Landmarks simultaneously designated two adjacent areas in the Far West Village. On May 2, 2006, in front of a jubilant public audience, Landmarks completed the final step in designating the Weehawken Street Historic District and the Greenwich Village Historic District Extension.
The waterfront Weehawken Street Historic District comprises 14 buildings, built between 1830 and 1938. The district is on the former site of Newgate Prison. When the prison was closed in 1829, an open-air public market was built on the site, some sections of which exist today as houses. The area flourished in the post-Civil War era, as the Hudson River became an important thoroughfare. Drawn to the picturesque waterfront and architecture, artists began occupying the tenement-style buildings in the late 19th Century.
The Greenwich Village Historic District Extension is comprised of 45 buildings built mostly in the 19th and 20th centuries. It contains the rowhouse at 131 Charles Street, as well as Saint Veronica’s Church and a neo-classical police station. An affluent neighborhood in the early 19th century, the federal rowhouses were turned into apartments as the wealthy moved uptown. As immigrants populated the neighborhood, more apartment buildings were built to serve their needs. The community successfully blocked Mayor Robert F. Wagner’s plan to make the neighborhood an urban renewal area in the 1960s.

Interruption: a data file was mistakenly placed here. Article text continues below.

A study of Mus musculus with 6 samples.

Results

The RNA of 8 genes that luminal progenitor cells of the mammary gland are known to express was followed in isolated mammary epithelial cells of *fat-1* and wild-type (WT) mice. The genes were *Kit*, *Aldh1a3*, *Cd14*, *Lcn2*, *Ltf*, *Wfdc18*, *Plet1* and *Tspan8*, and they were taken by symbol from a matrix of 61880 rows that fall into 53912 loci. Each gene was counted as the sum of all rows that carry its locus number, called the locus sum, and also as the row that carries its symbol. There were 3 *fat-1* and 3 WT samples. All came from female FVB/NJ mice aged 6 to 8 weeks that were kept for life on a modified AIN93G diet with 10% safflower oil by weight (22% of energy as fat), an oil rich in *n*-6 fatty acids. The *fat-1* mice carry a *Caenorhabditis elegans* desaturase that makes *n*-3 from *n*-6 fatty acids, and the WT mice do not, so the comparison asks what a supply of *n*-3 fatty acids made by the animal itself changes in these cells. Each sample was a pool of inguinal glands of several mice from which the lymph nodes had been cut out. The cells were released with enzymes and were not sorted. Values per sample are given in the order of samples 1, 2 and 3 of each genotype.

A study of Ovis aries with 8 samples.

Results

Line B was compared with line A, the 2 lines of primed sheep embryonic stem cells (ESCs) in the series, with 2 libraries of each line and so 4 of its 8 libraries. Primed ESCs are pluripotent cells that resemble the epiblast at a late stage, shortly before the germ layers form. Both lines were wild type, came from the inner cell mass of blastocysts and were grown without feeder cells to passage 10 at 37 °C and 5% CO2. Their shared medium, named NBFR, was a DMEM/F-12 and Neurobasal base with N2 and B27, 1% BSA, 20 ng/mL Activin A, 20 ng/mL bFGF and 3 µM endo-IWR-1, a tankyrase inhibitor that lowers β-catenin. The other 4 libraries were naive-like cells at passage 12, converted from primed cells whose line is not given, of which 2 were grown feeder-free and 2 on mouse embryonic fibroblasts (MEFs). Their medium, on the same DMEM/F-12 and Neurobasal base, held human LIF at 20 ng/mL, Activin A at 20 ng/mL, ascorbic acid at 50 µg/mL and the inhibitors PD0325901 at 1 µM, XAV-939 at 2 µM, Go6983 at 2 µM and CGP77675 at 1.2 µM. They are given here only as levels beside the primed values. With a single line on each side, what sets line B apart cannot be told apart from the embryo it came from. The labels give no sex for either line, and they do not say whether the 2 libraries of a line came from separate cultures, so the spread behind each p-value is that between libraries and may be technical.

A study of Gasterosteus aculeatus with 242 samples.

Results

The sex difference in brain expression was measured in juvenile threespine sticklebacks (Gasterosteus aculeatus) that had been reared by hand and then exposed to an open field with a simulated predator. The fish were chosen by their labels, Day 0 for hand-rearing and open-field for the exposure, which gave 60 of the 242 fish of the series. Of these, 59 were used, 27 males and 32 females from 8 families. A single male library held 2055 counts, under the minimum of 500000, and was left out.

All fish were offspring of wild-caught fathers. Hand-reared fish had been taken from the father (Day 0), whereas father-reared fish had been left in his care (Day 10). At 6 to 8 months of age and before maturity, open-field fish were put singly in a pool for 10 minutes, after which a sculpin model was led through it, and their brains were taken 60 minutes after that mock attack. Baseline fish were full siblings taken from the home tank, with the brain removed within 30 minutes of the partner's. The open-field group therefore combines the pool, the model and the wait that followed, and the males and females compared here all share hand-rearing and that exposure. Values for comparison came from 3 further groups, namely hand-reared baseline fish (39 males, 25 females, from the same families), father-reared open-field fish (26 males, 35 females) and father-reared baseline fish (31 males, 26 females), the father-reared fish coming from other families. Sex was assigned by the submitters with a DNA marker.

Both designations passed unanimously, and discussion among the Commissioners matched the enthusiasm of the audience, many of whom wore “Landmark the Far West Village” stickers. Author and activist Jane Jacobs, who passed away a week before the designations, was repeatedly invoked throughout the proceedings. Jacobs lived in the West Village and had been instrumental in saving the neighborhood in the 1960s.
Commissioner Roberta Gratz told the other Commissioners that she had spoken to Jacobs before her death, and reassured her that the designation would happen. Commission Chair Robert B. Tierney specifically acknowledged Council Speaker Christine Quinn, the Greenwich Village Society for Historic Preservation, and Christabel Gough of the Society for the Architecture of the City, as being instrumental in the designation’s approval. Commissioner Jan Pokorny addressed the Commission’s function in creating historic districts, saying the “spirit of the old City speaks through districts, not just buildings.”
LPC: Weehawken Street Historic District, Greenwich Village Historic District Extension (LP-2183, LP-2184) (May 2, 2006).